Norton Model 50 350cc
When I got the featherbed frame all those years ago, the swinging arm was separated from it and the bushes were well knackered and needed replacement. So I made a couple of tools to remove them - and boy were they tight! - it took nearly all of the 10 tons available on the press, but they gave up eventually. It would have been relatively easy to buy a pair of the 'silentbloc' type and fit those, but I rather like using old scraps of metal and making my own on the lathe. My new neighbour Kenny had been sorting out his late father's garage and had donated a whole stack of new-old stock king pins and bushes from some very old obscure car. These provided just about the right sized phosphor bronze for me to make a set - they even had oil-grooves machine in them, which hardly disappeared during machining the bore. Steel inserts were also made with lots of careful measurement to get the end-float and radial clearance just right and I also fitted a grease nipple underneath the central section - easily accessible but hidden from sight for the purists. When all was assembled I discovered that the holes in the gusset plates were a little elongated, requiring a bit of careful work with the file before re-drilling and reaming to a larger size. Top-hat washers will now be needed under the securing nuts to position the swinging arm correctly. It would have been fine for the MOT man by just tightening the nuts, but there is a fair amount of force during acceleration (even on a 350!) trying to move the spindle forwards, then under braking it is being dragged backwards - hence the elongation of the holes. I could have shouldered the nuts, but washers are needed anyway, and stepped ones are just as easy to make and can be replaced if worn in the future.
The petrol tank which I had robbed many years ago from another project had been filled and painted all over in a single colour, but I needed the threaded holes to fit my long cast badges which separate the black top from the ivory bottom. Once paint-stripped it was evident that the original holes had been brazed up. It would be too tedious to try and re-drill and tap the original blind holes, so made up some top hat threaded hank bushes (3BA) and silver soldered them in place. Fortunately it has been sitting for many years with no fuel in, but I still approached it cautiously with the welding torch the first time - chicken! It was then a simple job to dress them slightly under the surface with a few light hammer blows, prior to filling and blocking down to shape.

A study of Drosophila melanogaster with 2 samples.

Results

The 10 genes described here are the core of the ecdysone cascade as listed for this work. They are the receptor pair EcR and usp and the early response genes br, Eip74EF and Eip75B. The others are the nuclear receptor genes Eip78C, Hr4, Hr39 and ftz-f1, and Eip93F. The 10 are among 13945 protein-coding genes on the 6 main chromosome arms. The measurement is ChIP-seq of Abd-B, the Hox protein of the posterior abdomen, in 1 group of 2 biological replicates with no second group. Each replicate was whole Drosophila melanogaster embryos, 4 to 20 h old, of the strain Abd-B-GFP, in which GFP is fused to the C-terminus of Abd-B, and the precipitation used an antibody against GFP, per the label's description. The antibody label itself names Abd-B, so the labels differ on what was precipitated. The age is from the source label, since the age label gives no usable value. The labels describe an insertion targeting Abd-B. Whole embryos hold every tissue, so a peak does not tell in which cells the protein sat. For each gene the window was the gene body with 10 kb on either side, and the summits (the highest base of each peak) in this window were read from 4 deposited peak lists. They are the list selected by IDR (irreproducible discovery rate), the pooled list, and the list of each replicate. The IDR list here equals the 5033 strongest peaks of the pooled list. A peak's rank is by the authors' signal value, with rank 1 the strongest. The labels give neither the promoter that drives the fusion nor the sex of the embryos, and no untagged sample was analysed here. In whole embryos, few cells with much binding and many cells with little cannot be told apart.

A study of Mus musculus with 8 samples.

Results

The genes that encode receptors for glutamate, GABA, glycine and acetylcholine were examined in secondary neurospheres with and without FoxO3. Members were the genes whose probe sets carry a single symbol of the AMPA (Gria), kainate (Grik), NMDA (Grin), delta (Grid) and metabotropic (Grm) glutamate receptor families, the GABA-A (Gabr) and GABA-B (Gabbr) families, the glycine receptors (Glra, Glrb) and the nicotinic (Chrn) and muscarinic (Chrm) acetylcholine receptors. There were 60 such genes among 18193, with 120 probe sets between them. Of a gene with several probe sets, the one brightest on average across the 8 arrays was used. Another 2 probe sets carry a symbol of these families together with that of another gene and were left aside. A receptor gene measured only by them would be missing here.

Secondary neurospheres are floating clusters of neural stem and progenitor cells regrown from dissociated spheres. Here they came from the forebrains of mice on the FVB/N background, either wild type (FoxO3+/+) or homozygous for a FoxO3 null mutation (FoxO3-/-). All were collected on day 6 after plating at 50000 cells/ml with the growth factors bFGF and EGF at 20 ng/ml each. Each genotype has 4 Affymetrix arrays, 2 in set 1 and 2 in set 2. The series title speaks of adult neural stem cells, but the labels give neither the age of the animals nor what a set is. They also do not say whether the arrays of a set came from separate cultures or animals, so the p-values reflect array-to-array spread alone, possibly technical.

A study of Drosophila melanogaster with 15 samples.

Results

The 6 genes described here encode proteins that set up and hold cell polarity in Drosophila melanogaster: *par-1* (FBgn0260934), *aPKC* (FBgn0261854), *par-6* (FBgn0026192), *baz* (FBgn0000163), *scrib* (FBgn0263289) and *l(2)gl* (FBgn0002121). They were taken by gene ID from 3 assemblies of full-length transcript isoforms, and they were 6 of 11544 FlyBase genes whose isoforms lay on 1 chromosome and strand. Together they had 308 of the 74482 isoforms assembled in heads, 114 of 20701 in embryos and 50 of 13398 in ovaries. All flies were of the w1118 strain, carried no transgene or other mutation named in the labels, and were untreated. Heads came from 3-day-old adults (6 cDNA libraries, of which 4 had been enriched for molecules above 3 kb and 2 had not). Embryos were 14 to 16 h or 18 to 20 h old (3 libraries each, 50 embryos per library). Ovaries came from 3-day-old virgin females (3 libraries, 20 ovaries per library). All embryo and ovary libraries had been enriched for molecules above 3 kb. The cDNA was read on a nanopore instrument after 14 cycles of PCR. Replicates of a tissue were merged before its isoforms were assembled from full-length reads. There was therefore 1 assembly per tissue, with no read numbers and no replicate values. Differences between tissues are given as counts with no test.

The outer primary chain-case is a very prominent feature on the finished bike, so mine needed paint stripping and all the many small dents and gouges removing and filling, which took most of one afternoon outside in the lovely Orkney sunshine - ah! this is the life! The central mounting hole had been damaged by over tightening, but a few minutes on the press, with some bits of wood soon rectified that little problem. A new rubber sealing band will obviously be fitted, but in an attempt to 'engineer' out some of the shortcomings of the original design, I will make a thicker stainless steel washer with a machined groove under the face which rests against the outer casing, so that an O ring can be used to keep the contents inside!
The top fork shrouds were donated by a friend some years back, but were knocked about a bit and had been badly repaired on the top edge. This needed a bit of sorting by cutting through the brazed up repairs and straightening before silver soldering the saw cut. It was then a matter of careful filling and rubbing down, prior to the now customary coats of brushed on Bondaprimer. I still use this fantastic paint first suggested to me by the late Wilf Batty over 40 years ago. I always brush the first coats on and then lightly de-nib the surface prior to spray priming the next coat. This can then be rubbed down until you just see the odd little red streak coming through. A further thin primer coat leaves the part ready for final finishing. It all sounds a bit tedious (which it is!) but the results are well worth the effort.
They turned out quite well, but still need drilling for the 'Roadholder' badges to be fitted
The only lower shrouds I had were in a very sorry state, but I found a piece of new exhaust tubing of exactly the right size, so I separated the bits of rotten outer tube, to end up with the locating rings which could now be brazed into the new tube. The following shot shows the new tube slipped over the original locating collar, ready for permanent attachment.
.....and then the finished (primed) article fitted in place
As mentioned earlier, the front number plate was a simple little cutting and filing job from a piece of scrap stainless, plus a couple of turned pillars (again in stainless) silver soldered together.
This shows the detail of the pillar and also the little repair of a previous hole - a little top hat plug, silver soldered underneath ready for final filling. I also silver soldered up the split lip at the leading edge of the guard - that still needs a bit of filling and re-shaping.